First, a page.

In New Zealand, the question of how dissatisfied left-wing voters can convey their disgust to Labour centres around which minor party to vote for. In Britain, it seems to have a different answer: not voting. With an election imminent, it seems that Labour voters are not even bothering to enrol; voter registration is down nationally, but the drop is overwhelmingly concentrated in safe Labour seats. And the reason is fairly obvious: Iraq. What's sad is that rather than registering a protest vote against Blair over this issue, traditional Labour voters are turning off elections entirely.
Not that this is a particularly new trend. In 2001, spurred by disgust at Blair's continuation of Thatcherite policies, traditional Labour supporters stayed away from the polls in droves. The utter collapse of the Conservative party meant a landslide for Blair, but it was a "landslide" of a mere 10.7 million votes - less than the 14 million which saw John Major hold onto power by his nails in 1992, and less even than the 11.5 million which saw neil Kinnock defeated. Nationally, turnout plummeted from 71% (itself a record low) to 59% - and to as low as 35% in parts of Labour's former industrial heartland.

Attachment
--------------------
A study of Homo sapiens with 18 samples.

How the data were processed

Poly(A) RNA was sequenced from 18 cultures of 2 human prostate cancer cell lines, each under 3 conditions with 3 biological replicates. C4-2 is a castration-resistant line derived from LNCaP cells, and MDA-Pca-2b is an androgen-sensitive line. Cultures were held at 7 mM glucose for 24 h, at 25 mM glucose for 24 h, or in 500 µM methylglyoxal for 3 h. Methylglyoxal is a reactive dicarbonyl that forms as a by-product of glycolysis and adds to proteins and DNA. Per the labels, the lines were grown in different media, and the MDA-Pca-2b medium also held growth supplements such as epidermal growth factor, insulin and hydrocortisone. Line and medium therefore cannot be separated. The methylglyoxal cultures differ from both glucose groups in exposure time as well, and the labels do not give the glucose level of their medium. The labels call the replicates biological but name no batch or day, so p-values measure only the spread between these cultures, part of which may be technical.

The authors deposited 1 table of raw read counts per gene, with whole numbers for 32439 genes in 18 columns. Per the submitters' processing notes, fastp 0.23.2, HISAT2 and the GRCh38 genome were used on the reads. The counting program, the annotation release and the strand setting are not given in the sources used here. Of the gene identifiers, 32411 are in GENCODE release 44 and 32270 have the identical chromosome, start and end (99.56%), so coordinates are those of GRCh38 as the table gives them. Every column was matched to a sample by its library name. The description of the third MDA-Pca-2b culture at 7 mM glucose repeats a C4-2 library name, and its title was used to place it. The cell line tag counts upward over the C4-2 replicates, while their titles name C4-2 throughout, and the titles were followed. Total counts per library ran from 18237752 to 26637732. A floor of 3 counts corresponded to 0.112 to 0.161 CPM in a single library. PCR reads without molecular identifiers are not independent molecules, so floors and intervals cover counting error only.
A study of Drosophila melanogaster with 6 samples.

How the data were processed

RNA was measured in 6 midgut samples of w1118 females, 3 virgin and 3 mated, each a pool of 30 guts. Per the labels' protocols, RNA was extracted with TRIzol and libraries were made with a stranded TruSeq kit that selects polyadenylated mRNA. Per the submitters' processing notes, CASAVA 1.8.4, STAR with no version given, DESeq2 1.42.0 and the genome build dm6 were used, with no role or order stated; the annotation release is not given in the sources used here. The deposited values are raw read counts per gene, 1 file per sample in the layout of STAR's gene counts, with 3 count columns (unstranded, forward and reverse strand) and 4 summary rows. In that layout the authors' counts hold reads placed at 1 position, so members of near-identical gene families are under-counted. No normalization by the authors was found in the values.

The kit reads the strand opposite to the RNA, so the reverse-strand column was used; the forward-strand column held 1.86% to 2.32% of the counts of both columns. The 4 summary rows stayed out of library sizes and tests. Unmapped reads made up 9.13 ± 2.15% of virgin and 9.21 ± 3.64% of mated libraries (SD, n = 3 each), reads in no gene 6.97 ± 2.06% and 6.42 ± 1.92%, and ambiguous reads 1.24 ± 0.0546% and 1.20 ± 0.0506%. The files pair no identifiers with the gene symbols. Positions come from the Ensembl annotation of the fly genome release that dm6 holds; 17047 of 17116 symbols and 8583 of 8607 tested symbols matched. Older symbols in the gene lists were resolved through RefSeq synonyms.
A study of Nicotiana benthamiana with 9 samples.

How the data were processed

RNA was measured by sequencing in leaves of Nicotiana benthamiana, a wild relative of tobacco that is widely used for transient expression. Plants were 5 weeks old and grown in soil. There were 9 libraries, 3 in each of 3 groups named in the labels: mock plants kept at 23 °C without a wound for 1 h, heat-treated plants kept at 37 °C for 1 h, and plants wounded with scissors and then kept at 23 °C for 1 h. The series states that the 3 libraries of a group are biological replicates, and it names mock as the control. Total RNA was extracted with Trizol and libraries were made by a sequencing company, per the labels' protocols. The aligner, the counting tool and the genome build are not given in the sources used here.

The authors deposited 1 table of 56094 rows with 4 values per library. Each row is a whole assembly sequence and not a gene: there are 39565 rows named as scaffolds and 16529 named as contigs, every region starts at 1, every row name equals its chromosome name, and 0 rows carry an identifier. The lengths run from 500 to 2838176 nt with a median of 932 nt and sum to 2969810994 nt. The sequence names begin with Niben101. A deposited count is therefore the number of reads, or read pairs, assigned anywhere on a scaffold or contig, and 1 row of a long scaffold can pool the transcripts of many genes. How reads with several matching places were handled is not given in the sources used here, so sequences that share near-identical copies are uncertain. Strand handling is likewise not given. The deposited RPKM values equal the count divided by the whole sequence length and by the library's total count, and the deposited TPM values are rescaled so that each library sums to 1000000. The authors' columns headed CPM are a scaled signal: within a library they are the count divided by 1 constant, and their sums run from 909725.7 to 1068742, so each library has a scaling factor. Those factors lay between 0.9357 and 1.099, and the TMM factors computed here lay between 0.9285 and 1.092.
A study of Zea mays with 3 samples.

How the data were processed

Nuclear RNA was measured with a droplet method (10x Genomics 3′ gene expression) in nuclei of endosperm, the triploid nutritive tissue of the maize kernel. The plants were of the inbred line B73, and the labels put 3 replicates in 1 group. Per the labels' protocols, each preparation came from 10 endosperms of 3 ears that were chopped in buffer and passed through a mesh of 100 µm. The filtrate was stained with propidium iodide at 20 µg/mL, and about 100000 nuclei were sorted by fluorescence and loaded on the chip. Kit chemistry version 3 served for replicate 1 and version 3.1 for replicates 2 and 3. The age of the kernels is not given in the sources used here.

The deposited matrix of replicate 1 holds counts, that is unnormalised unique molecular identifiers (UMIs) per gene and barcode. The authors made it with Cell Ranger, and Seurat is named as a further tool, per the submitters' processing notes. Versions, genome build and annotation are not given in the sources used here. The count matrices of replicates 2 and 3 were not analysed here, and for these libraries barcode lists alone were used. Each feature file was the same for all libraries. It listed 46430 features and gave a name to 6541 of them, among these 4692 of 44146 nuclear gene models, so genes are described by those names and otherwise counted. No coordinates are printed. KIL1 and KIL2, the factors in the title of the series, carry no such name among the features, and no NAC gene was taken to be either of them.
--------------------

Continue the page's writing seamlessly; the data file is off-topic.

This is the sign of a democracy in crisis. Turnout could drop below 50% this election, and the blame can be laid squarely at the feet of one man: Tony Blair. Oh, the politicians will blame "apathy", of course - but it is not apathy, it is disgust. And under the UK's archaic simple plurality ("first past the post") voting system, with its carpet-bagged safe seats, there's no real outlet for it.
What's ironic is that Blair came into office full of Third Way ideas about "democratising democracy" and getting people to vote. Well, I can think of one obvious way he could achieve that: resign.